I did a video a little while back talking about new car blues, how sometimes, when you build a brand new car or brand new kit, or even rebuild your car, it doesn’t always handle like your old, faithful car that you’ve been racing. I see this a lot of times where guys will fully rebuild a car right before a big race. They go to the big race and like man, it just didn’t feel like what it did leading up to the race. So we have a video about uh, new car blues and basically the importance of your drivetrain being broken in. But now i want to do one that is basically old car blues and why you should maintain your car and a lot of the reasons are the same. But just the exact opposite of what i mentioned in the new car blues. So, as you run your car and as the drive train gets broken in there and ends up being more mechanical bind within your drivetrain and some mechanical bind is good. It gives the car support it gives it stability, but as the car gets past, that point of kind of peak or optimum and the out drives start to get cupped out, it will make the car drive really really stiff. So, basically, you want the car to be able to accelerate through bumps move roll through the turn and if the out drives get really worn. It’S gon na make it wan na always kind of ride in that worn area or in the grooves of the outdrive.
And what that’s going to do is it’s going to make it drive really stiff and rigid through the bumps it’s going to create good forward drive because it’s keeping the chassis really flat, but it’s not going to allow it to transfer weight it’s not going to steer. As much getting into the turn and then the the even more important thing as far as why you want to maintain your car is consistency. Now you build your car or rebuild your car and you go through a phase where it’s not very good, because it needs to get broken in and then for a long stretch of time. It is really good and then, when you get past that it gets really bad again. So if you rebuild maintain your car, you look for the things like i mentioned in the drivetrain. Another really important thing is the shocks which i’ll get to in a minute, but you want to have consistency every time you go to the track, you want to be able to kind of do your best, and your car requires maintenance to do that. You don’t want to go the track. Practice run a gallon of fuel and, by the end of the day, you almost are running worse lap times than you did at the beginning, it’s it’s, not because you have less experience. You just ran a gallon of fuel. You should be hitting your lines. Everything should be better, but sometimes it can come down to the lack of maintenance on your car is hindering your performance so, while it’s great to run as much fuel as possible.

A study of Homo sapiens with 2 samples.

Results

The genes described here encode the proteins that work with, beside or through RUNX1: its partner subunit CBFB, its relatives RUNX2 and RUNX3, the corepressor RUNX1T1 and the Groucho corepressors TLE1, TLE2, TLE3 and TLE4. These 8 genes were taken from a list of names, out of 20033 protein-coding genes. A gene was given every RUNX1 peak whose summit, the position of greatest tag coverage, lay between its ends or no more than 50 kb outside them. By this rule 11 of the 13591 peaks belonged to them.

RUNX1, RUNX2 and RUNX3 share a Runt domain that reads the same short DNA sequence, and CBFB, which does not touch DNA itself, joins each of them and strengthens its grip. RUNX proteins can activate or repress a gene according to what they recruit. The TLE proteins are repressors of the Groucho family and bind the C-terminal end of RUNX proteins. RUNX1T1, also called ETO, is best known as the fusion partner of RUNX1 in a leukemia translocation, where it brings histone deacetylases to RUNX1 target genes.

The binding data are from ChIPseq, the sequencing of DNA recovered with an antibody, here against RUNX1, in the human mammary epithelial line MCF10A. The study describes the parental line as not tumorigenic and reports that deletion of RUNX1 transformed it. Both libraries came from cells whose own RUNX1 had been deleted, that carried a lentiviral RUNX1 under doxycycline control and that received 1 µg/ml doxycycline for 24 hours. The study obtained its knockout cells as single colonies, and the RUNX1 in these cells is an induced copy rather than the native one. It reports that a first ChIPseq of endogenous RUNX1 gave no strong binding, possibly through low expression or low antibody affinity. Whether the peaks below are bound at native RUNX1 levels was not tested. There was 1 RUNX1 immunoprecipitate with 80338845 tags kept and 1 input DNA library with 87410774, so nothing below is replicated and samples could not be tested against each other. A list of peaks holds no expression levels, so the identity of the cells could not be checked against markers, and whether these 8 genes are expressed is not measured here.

If you run more fuel you’re gon na have to do a bit more maintenance to you got to make sure that your talent and your equipment are kind of both up to par. Another really important thing is the shocks. Obviously, you want to adjust and tune the shock oil if you’re running the emulsion caps you’ll want to re bleed your shocks. Often if the weather has changed quite a bit, but something that i feel can be overlooked is shock boots. You want to make sure that the shock boots don’t have any rips or tears if they do it’ll allow dust and dirt to kind of get into the cartridge or the seal pack and it’ll damage the o rings. It’Ll allow dirt into the oil or scratch the shock shafts, so you want to make sure make sure you check and maintain your shock boots and also that you check and replace from time to time your o rings in the shocks. Because what happens? Is the silicone oil that you’re using in the shocks will attack the silicone o rings? So i use a pro tec: blue grease, it’s, just o ring grease that’s. What i use on my shocks, i go ahead and i’ll put that on my pit board kind of work it around drop, the o rings in it, work it all around, so that you get a really nice coat of that o ring grease before you build uh, Build the shocks or put new o rings in and what that’s doing is it’s going to help keep the oil off the o rings, so the o rings are still going to be really smooth everything’s going to function and it’s going to be lubricated, but over time.
If the oil gets on the o rings, which it’s going to happen, the o rings will start to swell and as they swell it will. Basically, i guess the terminology is stiction, but it basically will just increase friction within the shocks if the shocks have more friction. Just like the drivetrain it’s going to make everything drive a little bit, stiffer it’s not going to go through the bumps quite as well, so those are two really really key parts: drivetrain and shocks, also center drivetrain. So on the mugen, buggy and truck we use dog bones now, which have the least amount of friction. They allow the center diff to bleed power accelerate through bumps, give it really good grip, but over time the drive shafts the pins need to be replaced as they get flat spotted. You have more surface area, more friction and it’s, going to make the center diff drive and feel like it’s a little bit thicker. So those are three kind of key areas that that i really like to focus on in order to keep my car consistent from whether it’s race, day or practice day, and you have to learn what works best for you. How often you feel it’s best for you to replace your o rings or how often it works best for you to either shift your out drives and drive shafts or put in new drive shafts and out drives there’s, no real set amount of time.
It depends on the conditions. It depends on how hard you drive or how easy you drive, but you got to find what works best for you and understand that it’s, not always the setup or the pistons or the oil. Once you find a good baseline for yourself. It should be pretty good and consistent from track to track as long as you stay up on the maintenance in those key areas to keep your vehicles running very consistent and to the best of their ability.